As someone who once studied literature, I would be cautious about imagining too direct a link between biography and interpretation.
I've only read about half of the first volume of Goethe's extremely long memoir (I keep setting it aside and then occasionally coming back to it), but he does not give the impression of someone who had an unhappy childhood -- indeed, much the reverse. He seems to have been a fairly wealthy, even spoiled son of an upper-class family, who even during the wartime French occupation of Stuttgart (IIRC) had access to private tutors and a relatively comfortable life thanks to his father's position as a city official of some kind. As a young person at least, he also seems to have had a markedly cheerful, optimistic, even buoyant personality, as far as I could tell. He was kept mostly at home as a young child, but once he was older and the war was over (IIRC), he did start spending more time out and about on his own around the city, and claimed (though I haven't read other accounts to compare) to have spent a good deal of time with friends from all walks of life.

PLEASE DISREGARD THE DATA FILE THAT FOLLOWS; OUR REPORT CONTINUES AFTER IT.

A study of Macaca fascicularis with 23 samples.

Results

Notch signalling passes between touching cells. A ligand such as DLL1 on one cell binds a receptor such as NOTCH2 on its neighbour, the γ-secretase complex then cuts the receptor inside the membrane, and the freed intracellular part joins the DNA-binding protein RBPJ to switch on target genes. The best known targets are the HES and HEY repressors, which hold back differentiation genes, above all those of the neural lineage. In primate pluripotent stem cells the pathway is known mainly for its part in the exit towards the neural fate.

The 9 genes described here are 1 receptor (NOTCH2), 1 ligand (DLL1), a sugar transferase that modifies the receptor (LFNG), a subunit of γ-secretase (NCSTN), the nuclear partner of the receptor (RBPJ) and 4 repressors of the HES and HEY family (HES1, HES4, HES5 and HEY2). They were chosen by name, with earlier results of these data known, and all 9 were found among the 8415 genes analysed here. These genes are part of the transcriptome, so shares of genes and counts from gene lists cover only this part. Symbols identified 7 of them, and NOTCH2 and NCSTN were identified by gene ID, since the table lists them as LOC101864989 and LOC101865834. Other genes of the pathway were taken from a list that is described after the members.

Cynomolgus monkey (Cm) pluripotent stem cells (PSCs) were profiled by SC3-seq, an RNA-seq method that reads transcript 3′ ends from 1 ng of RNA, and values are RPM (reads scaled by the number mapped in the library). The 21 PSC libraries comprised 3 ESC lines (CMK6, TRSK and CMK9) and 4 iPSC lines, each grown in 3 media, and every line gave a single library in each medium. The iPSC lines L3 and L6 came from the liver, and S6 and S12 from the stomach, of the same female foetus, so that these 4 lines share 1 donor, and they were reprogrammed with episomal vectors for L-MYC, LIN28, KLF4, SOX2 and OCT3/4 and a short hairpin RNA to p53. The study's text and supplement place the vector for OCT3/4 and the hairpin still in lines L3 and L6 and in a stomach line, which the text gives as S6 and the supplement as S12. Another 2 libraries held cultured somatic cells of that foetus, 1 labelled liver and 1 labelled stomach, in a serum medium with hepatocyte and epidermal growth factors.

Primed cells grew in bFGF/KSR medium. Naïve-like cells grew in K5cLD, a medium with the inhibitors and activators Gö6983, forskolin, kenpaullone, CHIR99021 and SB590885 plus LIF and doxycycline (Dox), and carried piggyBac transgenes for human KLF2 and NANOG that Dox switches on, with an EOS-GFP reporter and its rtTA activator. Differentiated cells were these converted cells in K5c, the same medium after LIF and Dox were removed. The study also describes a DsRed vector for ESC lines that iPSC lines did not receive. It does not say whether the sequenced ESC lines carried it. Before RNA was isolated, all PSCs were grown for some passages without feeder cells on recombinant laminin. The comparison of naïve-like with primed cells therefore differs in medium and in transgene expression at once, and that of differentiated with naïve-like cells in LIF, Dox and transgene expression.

And just in general, he lived a long life and met a lot of people, so he could certainly have been aware that some people abused children, whether physically or sexually or verbally, even if he was never abused or an abuser himself. That's part of what makes a good literary writer: observing other people and turning real life into fiction by imaginatively altering it; as opposed to a historian or scientist, who would simply report observations as fact.
To get back to the poem: literary interpreters would probably remind us to practice close reading just of the words on the page. The father in the poem doesn't abuse the child himself; instead, he's oblivious and fails to protect him from the Erlkönig. Again, that doesn't mean we can jump to the conclusion that Goethe must have had an abusive tutor or other acquaintance, but something like that could also be within the range of possibility.
But does it really matter if he experienced a real instance of abuse himself, or heard about such a case from someone else, or just imagined it based on things he had seen, heard, and read, the totality of his life experience? Again, he's not a reporter, he's a poet. What makes the poem worth reading is what it means to readers, not what facts may or may not lie behind its conception.